Doctor shares how gun violence is impacting Alabama hospitals

Gun violence continues to plague communities across the country – including right here in...
Gun violence continues to plague communities across the country – including right here in Alabama.(Source: WSFA 12 News)
Published: Oct. 13, 2022 at 6:38 PM EDT

Dr. Don Williamson, president of the Alabama Hospital Association, said the uptick in patients they are seeing is affecting staffing shortages, finances and in some cases – the well-being of hospital employees.

“We are clearly seeing an upward trend in the number of people who come in with gun violence associated injuries,” said Dr. Williamson. “It has a very substantial affect through almost every segment of our hospital system.”

Williamson said a large percentage of patients they treat for gun-related injuries are uninsured, which creates a financial challenge – and 90% of rural hospitals are already operating in the red.

“Some of those individuals will be able to pay some portion of their bill maybe some will pay all of their bill, but a substantial portion of that’s going to be uncompensated care,” he added.

Dealing with gun violence is also pushing staff to the brink. The stress and mental health issues associated is forcing many to leave an already dwindling system.

“Staffing remains the most significant challenge that we are facing,” Williamson said.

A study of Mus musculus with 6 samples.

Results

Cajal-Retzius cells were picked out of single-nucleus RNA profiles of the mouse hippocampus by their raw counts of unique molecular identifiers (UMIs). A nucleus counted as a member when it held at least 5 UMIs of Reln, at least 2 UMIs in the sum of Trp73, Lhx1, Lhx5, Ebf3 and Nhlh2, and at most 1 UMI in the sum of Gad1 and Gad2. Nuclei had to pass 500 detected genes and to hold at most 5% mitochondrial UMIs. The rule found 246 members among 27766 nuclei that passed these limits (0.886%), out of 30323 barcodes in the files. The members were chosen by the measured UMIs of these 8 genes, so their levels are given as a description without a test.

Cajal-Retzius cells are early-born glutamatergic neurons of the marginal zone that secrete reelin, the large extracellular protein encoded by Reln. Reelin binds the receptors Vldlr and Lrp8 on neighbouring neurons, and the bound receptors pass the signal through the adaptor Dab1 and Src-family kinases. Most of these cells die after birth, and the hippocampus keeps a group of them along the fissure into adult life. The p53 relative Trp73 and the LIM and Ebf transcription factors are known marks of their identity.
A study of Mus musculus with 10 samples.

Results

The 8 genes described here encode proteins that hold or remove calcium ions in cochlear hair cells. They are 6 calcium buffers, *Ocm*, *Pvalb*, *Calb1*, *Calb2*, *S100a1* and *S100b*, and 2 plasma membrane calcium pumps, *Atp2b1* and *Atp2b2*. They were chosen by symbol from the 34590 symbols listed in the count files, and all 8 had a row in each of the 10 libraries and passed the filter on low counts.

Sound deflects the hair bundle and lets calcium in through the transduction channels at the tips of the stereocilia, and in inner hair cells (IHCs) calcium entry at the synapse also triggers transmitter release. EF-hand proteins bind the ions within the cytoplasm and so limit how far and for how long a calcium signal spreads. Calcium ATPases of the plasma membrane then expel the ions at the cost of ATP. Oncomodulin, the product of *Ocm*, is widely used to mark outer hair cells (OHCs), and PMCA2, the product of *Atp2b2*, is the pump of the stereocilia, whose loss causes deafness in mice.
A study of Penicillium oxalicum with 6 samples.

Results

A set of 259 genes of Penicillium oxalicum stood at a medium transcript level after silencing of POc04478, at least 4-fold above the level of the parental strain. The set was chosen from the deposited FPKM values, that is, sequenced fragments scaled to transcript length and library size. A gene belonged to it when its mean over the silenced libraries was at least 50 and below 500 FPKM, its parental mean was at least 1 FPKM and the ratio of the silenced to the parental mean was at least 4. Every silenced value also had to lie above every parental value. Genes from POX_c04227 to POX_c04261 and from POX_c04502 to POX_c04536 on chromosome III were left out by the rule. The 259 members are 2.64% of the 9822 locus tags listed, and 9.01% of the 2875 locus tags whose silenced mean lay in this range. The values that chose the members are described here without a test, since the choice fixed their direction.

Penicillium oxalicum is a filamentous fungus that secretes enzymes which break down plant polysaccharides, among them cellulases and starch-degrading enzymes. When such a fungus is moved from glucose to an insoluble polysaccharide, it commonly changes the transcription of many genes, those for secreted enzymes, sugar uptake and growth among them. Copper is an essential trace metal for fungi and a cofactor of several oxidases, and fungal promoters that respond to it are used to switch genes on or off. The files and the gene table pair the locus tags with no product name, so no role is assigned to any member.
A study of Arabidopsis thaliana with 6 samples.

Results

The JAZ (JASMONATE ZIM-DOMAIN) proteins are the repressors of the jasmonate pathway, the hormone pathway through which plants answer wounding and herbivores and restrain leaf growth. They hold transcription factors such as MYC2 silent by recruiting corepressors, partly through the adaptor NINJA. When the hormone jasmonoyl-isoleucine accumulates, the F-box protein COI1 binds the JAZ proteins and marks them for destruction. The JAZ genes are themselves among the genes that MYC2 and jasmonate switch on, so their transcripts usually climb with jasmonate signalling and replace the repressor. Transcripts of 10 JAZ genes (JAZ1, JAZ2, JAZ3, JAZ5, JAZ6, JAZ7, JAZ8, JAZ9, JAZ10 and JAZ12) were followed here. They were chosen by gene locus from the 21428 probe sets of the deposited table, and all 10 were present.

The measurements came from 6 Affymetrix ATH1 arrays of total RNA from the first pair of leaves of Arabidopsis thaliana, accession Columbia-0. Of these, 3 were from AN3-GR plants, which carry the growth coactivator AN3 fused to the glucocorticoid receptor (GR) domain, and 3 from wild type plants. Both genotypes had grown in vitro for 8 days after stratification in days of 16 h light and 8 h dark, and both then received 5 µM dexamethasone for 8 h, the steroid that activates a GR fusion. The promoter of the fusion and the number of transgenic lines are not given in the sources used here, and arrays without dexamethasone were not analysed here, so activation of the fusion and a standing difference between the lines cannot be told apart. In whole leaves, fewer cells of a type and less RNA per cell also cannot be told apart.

Another concern for staff is safety, as some altercations continue at the hospital.

“We’ve had situations where shots are exchanged in our parking lots,” Williamson said. “None of us should expect to be the subject of violent encounters in the workplace and if you’ve got a nurse who’s working the ED (Emergency Department) and he or she is having to deal with victims of gun violence with the fear that they may be subject to more violence from somebody coming in to continue that ongoing violent interaction that creates stress and people will look for safer environments in which to work.”

Gun violence also pushes staff to be re-directed from other forms of care to treat those who have been shot.

“Suddenly having three or four gun violence-associated injuries come in, all of which may be in severe stress, limits what you can do for those other patients who also need your time and attention,” Williamson said.

Lastly, he said firearm injuries are associated with a large need for blood – which could impact other planned surgeries. The greatest tragedy of all though, Williamson said, is losing lives for reasons that could have been avoided.

According to a report released by the U.S. Congress Joint Economic Committee, gun violence costs the U.S. more than $1 billion a year in hospital bills.